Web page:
James MacColl: Rail fares rise sends signal of confusion to passengers

EVENING off-peak rail fares on routes into many northern cities like Leeds have been axed this week, leaving the thousands of part-time workers who need to commute in the evening paying more, some over double their previous fare.

Northern Rail took this action at the behest of the Government, which picked this option in the aim of raising revenue. To anyone under any financial pressure however – and the Office of National Statistics reports that the average hourly wage for part-time workers is only 63 per cent of that for full-time workers – this will feel like a sudden, unaccountable change with no clear benefits. Where will the money go? Where are the cheapest tickets now?

It’s part of a complex landscape of rail fares that, despite lamentations from everyone who travels by train, is getting more impenetrable rather than less.


Rail Minister Claire Perry hopes that people will plan in advance instead of buying tickets for travel on the day. But it’s a lot less straightforward than that, even if you can predict your exact travel needs well in advance.

Added to the sheer variety of ticket types out there is a lack of clarity on how to get them: how many of each type is available and when they come on sale.

It’s great that there are mega-cheap Super Advance Off Peak tickets, but they are not always possible to get hold of when you need to arrange your journey. Indeed, it can be the case that you are not seeing the whole picture when you go to buy a ticket. Those in the know can exploit the ability to access cheaper fares by splitting their journey up into separate sections.


The fact is that almost no one has the whole picture. If the information on rail services in the Routing Guide, a huge compendium of railway and ticketing knowledge, were readily accessible in the public domain, this would allow companies and individuals to develop innovative applications that give passengers clear, up to date fares and route maps, and enable the rest of us to choose our tickets confident that we’re getting the best deal.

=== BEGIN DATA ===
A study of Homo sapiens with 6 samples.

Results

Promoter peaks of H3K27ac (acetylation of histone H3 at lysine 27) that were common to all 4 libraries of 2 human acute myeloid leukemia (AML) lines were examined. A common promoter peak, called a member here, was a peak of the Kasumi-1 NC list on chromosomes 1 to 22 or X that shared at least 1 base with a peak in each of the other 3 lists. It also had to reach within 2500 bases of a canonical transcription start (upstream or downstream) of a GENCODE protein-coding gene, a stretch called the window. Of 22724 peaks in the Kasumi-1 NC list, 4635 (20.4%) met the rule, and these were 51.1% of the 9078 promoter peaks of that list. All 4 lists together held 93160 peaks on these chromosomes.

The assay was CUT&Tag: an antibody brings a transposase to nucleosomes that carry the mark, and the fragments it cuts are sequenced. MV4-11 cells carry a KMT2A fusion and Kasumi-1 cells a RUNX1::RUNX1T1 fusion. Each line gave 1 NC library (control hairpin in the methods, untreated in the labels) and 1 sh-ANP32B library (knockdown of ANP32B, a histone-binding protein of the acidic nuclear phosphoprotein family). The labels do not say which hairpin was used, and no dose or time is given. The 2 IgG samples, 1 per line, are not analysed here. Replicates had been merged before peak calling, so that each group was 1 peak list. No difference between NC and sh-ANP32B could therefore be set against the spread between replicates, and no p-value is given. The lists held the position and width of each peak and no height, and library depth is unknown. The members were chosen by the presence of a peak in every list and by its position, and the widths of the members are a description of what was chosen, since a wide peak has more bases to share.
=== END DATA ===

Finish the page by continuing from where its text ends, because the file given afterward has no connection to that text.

While there are many different companies running the rail network itself, and many different ticket sellers, there needs to be a level playing field created by open data where passengers can see right across the network and spot the best value journeys easily.

The Routing Guide is currently only available in printed form. You can imagine how manageable this massive set of data is while it only exists on paper. It might as well be locked in a bank vault as far as the small, swift start-ups who might revolutionise fares information are concerned. Passengers deserve better. Until access to fares data is opened up, all of us who use the rail network, or would like to, can’t be confident that we’ll be able to get the best deal for our fares.


The Government must work with and support ATOC (the Association of Train Operating Companies) and Network Rail to make ticket pricing transparent, with the cheapest ticket available always clearly indicated.

Smart ticketing, which works well in London, is needed in other regions too.

For the millions of part-time workers desperate for a flexible ticketing system that allows them to get the same kinds of discounts available to full-time workers, but who are instead being hit by new peak time fares in the north of England, fairer fares can’t come soon enough.

James MacColl is Head of Campaigns at the Campaign for Better Transport.